Free weights or Cables Better?

Last week I wrote a blog about Compound and isolation Exercises, and someone ask me about Free weight vs Cable, which one better. I meant to write about this for a while now, so here it is.

This has been a topic for a long time in the gym. I used to confuse and had so many questions about this when I started lifting weights.

As we all know Dumbbells and barbells have been the secret weapon for bodybuilders and athletes for a long time. No doubt it will stay this way for a long time. The question is, are there any better options? Let’s say, Biceps barbell curls or biceps cable curl?

When are dumbbells and barbells better?

There are without doubt there are few exercises which are best when it comes to building muscle mass and strength. These include; squats, deadlifts, rows, pull ups, bench press, dips and shoulder press. What do all these exercises share? They are all compound exercises. They involve movement in more than one joint and recruit more than one muscles so are therefore highly effective.

It’s fair to say these important exercises are not suitably performed using a cable system. They are best performed with dumbbells, barbells and other free weight equipment.  So, that is why most of the successful athletes training plan is going to involve the use of free weights, not cables.

When are cables better?

Cables have two main advantages over free weights; they provide

  • continuous tension
  • dynamic line of resistance.

The continuous tension refers to the fact the resistance supplied to the muscles during a cable exercise is uniform throughout. This can’t be done by Free weight. For example, during a dumbbell arm curl the most resistance is experienced when the arm is bent at ninety degrees. It is at this point which the arm flexor muscles are resisting against 100% of the resistance force. As the arm flexes or extends the resistance is reduced, with the resistive force lowered by roughly 30-40 % when the arm reaches 45 degrees.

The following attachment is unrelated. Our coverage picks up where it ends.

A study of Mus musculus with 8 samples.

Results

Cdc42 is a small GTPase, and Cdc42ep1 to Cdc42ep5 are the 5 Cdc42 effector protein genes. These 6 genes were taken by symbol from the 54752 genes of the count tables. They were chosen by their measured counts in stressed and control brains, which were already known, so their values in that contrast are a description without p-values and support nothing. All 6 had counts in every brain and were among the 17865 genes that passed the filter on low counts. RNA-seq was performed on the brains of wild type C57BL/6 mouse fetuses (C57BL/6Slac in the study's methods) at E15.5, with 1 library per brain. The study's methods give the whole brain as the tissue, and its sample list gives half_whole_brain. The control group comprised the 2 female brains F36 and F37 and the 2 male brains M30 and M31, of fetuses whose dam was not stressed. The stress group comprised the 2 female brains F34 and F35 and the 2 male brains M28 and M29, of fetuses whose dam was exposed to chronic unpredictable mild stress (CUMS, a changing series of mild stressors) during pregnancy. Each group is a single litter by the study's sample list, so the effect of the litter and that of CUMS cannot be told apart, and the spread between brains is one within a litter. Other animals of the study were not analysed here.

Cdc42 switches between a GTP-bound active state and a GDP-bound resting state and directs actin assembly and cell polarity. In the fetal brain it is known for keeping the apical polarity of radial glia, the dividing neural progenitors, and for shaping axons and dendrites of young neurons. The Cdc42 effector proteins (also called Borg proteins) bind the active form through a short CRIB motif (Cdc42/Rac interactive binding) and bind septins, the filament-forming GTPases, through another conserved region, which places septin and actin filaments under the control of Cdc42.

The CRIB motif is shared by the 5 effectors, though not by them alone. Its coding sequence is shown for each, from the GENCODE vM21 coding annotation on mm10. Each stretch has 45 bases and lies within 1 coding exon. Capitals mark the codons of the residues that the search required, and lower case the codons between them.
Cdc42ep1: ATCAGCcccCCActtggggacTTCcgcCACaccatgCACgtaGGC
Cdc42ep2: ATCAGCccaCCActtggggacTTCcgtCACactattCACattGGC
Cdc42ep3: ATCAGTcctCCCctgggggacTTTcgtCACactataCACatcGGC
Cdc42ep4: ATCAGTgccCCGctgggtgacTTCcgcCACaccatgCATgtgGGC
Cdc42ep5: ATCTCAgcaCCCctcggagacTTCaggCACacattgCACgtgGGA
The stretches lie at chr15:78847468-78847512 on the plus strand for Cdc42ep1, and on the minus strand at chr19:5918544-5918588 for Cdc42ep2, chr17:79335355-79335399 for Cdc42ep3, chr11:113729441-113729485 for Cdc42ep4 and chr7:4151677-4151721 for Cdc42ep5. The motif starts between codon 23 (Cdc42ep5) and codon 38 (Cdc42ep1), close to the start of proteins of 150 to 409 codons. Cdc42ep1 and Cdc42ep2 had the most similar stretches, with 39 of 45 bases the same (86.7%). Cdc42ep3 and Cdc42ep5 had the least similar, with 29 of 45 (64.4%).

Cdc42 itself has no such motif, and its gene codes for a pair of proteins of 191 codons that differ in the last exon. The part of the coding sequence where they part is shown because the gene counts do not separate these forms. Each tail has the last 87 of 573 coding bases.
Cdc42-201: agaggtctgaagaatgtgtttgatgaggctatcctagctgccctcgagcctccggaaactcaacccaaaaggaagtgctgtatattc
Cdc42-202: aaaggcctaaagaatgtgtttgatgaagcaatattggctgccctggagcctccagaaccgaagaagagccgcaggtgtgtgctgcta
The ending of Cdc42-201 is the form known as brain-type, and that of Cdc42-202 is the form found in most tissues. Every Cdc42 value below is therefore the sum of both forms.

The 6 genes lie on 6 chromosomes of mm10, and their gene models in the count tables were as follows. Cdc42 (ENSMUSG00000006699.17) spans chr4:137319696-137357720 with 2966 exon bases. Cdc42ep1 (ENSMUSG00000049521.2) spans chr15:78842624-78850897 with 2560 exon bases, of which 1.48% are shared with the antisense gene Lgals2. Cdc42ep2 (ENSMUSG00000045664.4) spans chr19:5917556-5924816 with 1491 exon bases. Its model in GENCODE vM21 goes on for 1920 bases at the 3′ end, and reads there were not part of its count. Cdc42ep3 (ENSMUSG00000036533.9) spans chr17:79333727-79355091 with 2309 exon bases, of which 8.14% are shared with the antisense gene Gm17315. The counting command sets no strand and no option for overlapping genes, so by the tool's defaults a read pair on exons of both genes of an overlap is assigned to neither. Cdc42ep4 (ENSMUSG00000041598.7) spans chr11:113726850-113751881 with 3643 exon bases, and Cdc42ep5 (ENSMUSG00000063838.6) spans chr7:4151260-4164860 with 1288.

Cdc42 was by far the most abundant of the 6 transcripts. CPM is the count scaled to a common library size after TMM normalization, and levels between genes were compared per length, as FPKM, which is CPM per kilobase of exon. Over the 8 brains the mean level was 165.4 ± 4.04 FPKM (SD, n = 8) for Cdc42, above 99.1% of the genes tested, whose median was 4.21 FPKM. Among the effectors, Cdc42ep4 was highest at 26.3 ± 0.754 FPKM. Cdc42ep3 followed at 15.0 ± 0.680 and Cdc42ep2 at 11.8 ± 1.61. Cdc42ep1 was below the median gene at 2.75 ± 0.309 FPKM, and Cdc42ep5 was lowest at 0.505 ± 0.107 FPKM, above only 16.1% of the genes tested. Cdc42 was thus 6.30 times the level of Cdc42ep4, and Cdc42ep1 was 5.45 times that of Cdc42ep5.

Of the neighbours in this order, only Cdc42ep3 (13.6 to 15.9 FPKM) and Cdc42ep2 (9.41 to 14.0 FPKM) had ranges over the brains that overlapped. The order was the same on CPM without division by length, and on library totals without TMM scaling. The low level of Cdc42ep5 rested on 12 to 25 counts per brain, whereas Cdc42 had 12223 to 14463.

Free weight exercises also have a resistive force which is always perpendicular to the ground. The continuous tension provided by a cable station is due to the pulley system which lifts and lowers a weight stack. It is the system which also allows the line of resistance to be dynamic. A dynamic line of resistance offers great freedom, such as allowing a cable curl to be perform either standing or lying on the ground. It may be useful to bodybuilders who want to be highly strict with their form, or anybody with an injury which prevents them from maintaining a sound upright posture.


Free weights are probably best suited for most exercises, specifically the important compound exercises. Free weights are also good choices for most isolation exercises. NOW, I am not saying free weights all the would be worth experimenting with cable exercises incorporated into your training, too. There are no rules on choosing free weight or cable – if you prefer free weights – stick to them. The cable station offers you another training tool. Make is simple, and have fun while working out!

Simon Te

View posts by Simon Te
My name is Simon Te. I am an ACE Certified personal trainer who have been active in the fitness field for more than ten years. I specialize in weight loss, muscular hypertrophy and general strength training. My biggest sport interests are bodybuilding and rugby. I strongly believe that staying fit is the best way to stay away from future health problems.